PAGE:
Comrade Kumar Shiralkar
COMRADE Kumar Shiralkar, former member of the Central Committee of the Communist Party of India (Marxist) and national joint secretary, AIAWU breathed his last on Sunday, October 2 at Nashik. He was undergoing treatment for cancer for the last three years.
Kumar Shiralkar began his life of revolutionary struggle during the seventies when he left his cushy job as an engineer to be one with the tribals of North Maharashtra, who were facing inhuman treatment at the hands of rich farmers.
He, along with a band of idealist educated young activists, founded Shramik Sanghatana, a fighting organisation of adivasis. He was jailed during the Emergency and returned to his adivasi brothers and sisters after his release. A Marxist, Kumar could not have confined his involvement with revolutionary politics within the bounds of a provincial organisation. He, therefore, joined the CPI(M) in 1982 and took up the responsibility of building the AIAWU in the state. He travelled far and wide, night and day all over the state, sleeping on newspaper for a bed at public transport bus stations many a night.
Kumar hailed from a Brahmin middle class family in a small town steeped in orthodox brahmanism. However, his inquiring rational mind saved him from falling prey to the ideology of the RSS. His family had a brush with a soft radicalism. His maternal grandfather N H Apte was a progressive writer on whose one of the short stories, V Shantaram made his celebrated film Kunku, perhaps the first Indian feminist film.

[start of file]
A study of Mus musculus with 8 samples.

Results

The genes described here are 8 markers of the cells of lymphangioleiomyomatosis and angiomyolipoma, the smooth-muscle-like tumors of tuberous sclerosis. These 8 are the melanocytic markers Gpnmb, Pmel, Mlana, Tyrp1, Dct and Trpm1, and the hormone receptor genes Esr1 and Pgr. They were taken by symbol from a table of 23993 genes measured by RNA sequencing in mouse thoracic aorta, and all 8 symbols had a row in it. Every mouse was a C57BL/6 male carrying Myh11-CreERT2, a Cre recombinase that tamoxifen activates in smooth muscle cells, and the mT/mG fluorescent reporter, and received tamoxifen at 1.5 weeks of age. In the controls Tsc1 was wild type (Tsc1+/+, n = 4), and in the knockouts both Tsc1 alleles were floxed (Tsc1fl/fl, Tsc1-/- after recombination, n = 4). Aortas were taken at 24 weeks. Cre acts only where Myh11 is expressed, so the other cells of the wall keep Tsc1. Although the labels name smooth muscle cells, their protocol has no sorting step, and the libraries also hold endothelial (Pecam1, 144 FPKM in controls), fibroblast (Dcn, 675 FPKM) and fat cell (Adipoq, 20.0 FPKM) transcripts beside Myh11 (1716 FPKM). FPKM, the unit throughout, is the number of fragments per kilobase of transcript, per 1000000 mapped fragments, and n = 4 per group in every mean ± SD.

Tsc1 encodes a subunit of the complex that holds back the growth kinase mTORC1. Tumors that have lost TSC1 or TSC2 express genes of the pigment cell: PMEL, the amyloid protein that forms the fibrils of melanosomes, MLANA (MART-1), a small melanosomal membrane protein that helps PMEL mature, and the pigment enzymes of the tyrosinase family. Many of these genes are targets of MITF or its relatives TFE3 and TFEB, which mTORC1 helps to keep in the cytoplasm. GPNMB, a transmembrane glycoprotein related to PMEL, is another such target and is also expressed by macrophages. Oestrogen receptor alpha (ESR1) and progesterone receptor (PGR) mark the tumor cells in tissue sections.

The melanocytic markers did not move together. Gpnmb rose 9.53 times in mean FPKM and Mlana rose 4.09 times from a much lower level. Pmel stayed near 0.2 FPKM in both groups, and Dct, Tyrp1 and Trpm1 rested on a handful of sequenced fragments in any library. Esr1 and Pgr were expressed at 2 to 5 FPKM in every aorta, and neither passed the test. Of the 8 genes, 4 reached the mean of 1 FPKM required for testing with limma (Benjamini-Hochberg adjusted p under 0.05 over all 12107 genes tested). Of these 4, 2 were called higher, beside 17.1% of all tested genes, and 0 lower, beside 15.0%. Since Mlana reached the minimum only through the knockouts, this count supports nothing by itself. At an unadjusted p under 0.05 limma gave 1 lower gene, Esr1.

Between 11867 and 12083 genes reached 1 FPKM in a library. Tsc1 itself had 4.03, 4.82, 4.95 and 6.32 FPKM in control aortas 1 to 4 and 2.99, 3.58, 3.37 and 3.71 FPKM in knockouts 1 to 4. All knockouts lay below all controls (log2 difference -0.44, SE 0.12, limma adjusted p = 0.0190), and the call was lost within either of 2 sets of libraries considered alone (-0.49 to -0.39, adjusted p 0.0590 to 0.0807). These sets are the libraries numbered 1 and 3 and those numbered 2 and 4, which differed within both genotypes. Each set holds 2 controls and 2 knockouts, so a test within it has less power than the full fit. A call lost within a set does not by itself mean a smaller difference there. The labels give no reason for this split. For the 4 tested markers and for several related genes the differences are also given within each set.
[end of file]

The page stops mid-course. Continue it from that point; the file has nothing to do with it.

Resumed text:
Simply known as Kumar to many, he was a militant activist in the struggle against caste discrimination and the oppression of women. He wrote several articles and books – ranging from his youthful bestselling pamphlet exhorting the young to rise against oppression and exploitation to thoroughgoing analyses of caste-class struggle and globalisation.
With failing health, he decided to settle in a remote adivasi hamlet but continued his work among the people for whose rights he sacrificed his entire life. In recent past he focused his energies on the education of the adivasi children, experimenting with innovative farming practices and the issues of sustainable development.
Kumar has left a legacy of immense sacrifice, intense dedication to the revolutionary movement and inculcation of the Left enlightenment that synthesised the traditions of revolutionary political activism and social reform.